The Bottom Line: A memorable conspiracy thriller about a conflicted assassin and the threat of digital currency to the global economy.
William Schiele’s Tears of the Assassin details the plight of David Diegert, a disadvantaged young man who tries to find salvation in the U.S. Army, only to find himself a pawn in a global financial conspiracy. The book’s opening chapters devote substantial time to developing Diegert’s character through a series of personal and professional struggles. The pace and intensity change dramatically, however, when we’re introduced to a wealthy Austrian sociopath named Klaus Panzer who has a diabolical plan to control the global economy.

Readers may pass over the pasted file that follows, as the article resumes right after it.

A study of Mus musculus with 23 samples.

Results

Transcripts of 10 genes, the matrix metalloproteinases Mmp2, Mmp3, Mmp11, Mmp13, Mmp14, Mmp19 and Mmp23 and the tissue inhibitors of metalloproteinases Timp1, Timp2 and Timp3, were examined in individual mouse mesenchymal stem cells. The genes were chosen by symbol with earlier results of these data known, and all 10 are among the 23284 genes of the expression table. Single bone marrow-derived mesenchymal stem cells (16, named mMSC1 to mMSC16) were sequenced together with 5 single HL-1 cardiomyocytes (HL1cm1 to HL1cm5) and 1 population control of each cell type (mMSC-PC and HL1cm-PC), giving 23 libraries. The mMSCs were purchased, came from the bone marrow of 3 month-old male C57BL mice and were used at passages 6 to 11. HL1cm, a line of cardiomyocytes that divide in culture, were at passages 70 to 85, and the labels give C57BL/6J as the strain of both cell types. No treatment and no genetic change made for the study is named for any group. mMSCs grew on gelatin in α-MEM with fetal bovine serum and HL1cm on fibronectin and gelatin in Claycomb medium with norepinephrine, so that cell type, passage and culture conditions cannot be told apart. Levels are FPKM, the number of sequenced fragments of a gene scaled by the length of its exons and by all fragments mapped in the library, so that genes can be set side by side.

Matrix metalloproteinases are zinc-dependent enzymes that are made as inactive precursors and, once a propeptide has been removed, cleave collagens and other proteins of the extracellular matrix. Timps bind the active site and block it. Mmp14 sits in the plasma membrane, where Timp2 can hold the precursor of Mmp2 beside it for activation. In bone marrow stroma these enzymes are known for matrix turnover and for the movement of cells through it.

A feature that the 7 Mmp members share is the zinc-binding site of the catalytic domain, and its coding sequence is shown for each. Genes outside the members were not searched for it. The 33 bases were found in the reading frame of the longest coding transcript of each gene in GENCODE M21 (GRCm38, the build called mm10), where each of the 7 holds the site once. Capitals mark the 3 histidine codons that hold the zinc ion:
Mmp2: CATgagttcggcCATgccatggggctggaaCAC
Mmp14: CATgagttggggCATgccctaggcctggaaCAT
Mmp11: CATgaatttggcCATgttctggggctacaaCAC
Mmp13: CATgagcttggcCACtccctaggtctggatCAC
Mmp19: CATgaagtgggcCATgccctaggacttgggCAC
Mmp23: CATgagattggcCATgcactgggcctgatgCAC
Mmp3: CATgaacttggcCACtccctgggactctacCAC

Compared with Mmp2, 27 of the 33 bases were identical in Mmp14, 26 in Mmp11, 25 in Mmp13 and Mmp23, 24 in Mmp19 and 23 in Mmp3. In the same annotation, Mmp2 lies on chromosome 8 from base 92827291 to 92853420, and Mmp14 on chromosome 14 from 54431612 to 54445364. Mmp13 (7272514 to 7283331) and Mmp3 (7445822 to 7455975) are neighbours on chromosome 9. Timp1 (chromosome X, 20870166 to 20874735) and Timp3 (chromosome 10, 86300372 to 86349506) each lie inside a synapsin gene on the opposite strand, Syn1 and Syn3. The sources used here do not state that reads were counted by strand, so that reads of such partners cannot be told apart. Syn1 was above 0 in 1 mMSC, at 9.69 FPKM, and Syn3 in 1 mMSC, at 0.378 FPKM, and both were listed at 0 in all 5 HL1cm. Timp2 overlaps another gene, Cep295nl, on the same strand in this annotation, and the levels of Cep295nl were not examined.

Panzer’s 35-room, taxidermy-filled mansion on a lakefront in the Austrian Alps would be a fitting lair for a bond villain, and considering Panzer’s role in this audacious tale, the setting works perfectly here as well. When we first see Panzer, he has summoned Omnisphere CEO Abaya Patel, an Indian-born, Harvard-educated businesswoman. Patel is understandably stunned by Panzer’s plans to replace the U.S. dollar with his own digital currency, but her greed proves to be more powerful than her empathy for humanity.
In a world where Bitcoin and other digital currencies are bringing both opportunity and chaos in the real world, Schiele’s book feels both timely and plausible. The degree to which thriller fans embrace Diegert as a hero depends on their interest in intentional character flaws, which Schiele carefully sets up in the early going. In all, thriller fans will be pleased by the original and fascinating plot, lots of intense action and the incredibly high stakes of this well-written novel.